Guest Post: The Most Challenging Hurdle in Medical School Admissions

Don’s Note: My guest writer today is Areej Quraishi. Areej attends Rutgers, The State University of New Jersey in Newark. Areej is applying to medical school for the entering class of 2014. Find out how you can become a guest writer, too.

What has been the most challenging hurdle that you had to overcome on your journey to medical school?

medical school admissions hurdles

Looking back on the past three years I’ve spent as an undergraduate, I can certainly say that I have overcome many hurdles on the road to becoming a doctor. And by that, I don’t mean the things that I learned on paper, like all the information I’m going to get out of my future medical school classes, or things only being on call can teach me. Many obstacles I have to overcome are within me —  for example, I still have to learn how to receive a less-than-favorable grade and keep from wondering, “Why?”

Truth is, I already know why. I didn’t give it my all.

Another obstacle I’m learning to overcome is how to adequately hold my own as I overexert myself for days at a time, so that the people I do it for when I’m a doctor can have more days of their own.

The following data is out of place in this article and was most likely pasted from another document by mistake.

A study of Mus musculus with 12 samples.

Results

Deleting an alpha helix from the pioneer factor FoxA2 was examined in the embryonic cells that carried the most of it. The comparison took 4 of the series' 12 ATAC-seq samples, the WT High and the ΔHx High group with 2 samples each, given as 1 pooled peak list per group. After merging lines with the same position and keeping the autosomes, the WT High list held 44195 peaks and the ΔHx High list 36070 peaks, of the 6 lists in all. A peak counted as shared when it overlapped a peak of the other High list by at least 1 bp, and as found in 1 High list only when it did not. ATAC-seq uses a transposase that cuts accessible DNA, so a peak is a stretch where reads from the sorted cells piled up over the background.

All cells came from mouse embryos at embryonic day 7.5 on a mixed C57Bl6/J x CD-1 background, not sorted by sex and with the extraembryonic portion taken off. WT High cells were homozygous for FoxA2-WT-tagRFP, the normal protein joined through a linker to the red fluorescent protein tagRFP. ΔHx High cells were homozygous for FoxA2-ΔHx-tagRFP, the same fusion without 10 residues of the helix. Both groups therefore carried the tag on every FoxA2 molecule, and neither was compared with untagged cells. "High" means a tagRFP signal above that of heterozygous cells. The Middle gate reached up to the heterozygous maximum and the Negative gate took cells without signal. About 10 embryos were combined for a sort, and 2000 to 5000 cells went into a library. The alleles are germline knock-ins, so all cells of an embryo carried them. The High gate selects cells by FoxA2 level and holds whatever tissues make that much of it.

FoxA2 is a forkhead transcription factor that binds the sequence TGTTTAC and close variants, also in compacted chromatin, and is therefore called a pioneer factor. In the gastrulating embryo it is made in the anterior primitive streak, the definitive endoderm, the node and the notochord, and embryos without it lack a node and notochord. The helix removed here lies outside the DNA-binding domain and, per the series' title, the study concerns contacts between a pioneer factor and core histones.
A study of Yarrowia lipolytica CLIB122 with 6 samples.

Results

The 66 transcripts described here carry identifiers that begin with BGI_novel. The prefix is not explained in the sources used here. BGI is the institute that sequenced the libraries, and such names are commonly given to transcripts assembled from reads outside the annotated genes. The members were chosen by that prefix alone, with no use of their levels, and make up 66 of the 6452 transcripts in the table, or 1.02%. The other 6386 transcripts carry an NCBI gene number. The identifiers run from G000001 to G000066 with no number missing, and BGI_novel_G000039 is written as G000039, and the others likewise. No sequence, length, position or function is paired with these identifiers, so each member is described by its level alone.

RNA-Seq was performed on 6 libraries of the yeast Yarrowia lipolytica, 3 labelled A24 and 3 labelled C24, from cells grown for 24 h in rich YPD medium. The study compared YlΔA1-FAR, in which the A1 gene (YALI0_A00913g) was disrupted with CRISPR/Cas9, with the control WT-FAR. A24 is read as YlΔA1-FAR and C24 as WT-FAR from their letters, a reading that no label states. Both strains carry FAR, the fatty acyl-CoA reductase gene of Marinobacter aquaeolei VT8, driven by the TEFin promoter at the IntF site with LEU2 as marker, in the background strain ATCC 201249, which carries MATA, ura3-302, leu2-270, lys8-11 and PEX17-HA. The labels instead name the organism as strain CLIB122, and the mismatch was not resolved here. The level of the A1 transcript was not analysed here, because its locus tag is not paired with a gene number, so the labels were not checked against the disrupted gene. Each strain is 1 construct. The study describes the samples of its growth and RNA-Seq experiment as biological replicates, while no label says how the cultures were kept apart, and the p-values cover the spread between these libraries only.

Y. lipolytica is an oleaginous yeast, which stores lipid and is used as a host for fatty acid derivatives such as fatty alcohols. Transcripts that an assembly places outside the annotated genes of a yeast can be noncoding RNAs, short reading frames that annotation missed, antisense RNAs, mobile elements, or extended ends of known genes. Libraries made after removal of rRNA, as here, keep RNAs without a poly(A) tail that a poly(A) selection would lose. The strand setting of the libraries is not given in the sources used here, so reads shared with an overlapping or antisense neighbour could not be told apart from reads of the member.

My journey as a pre-med hasn’t been the easiest. I’ve wanted to be a doctor since I was about five years old; fifteen years later, my goal hasn’t changed.

Here are some “lessons learned” that I can share with you:

Be proactive. Don’t procrastinate. Don’t ever let an opportunity, however small, slip by you. Wherever you are in your pre-medical career, begin planning your next move NOW.

Never let anyone discourage you or tell you what your capacities are; you alone can discover what you are truly capable of. If you know that this is what you were meant to do, never take it lightly. Never, ever give up.

Don’t let disappointment stop you. As a pre-med, there will be many times when you’ll have to face disappointment of all and any kind. Don’t let it stop you. It’s never the end of the world and it’s never too late. There is always help. There are always people who want to see you succeed. You have your professors. You have your advisors. You have your families. And if all else fails, you always have yourself.

I understand that there are so many factors associated with becoming a doctor — you could be going through issues concerning financial barriers, time constraints and the like. But at the end of the day, the most challenging hurdle for me to overcome was … myself. All our major problems lie within us, as do all our solutions. Once you learn from your mistakes, your weaknesses become your strengths. Once you stop underestimating yourself, you’ll realize that you already have the potential it takes to succeed. The most essential lesson there is to learn is how to harness that potential. After three years, I can say that I’ve learned my lesson.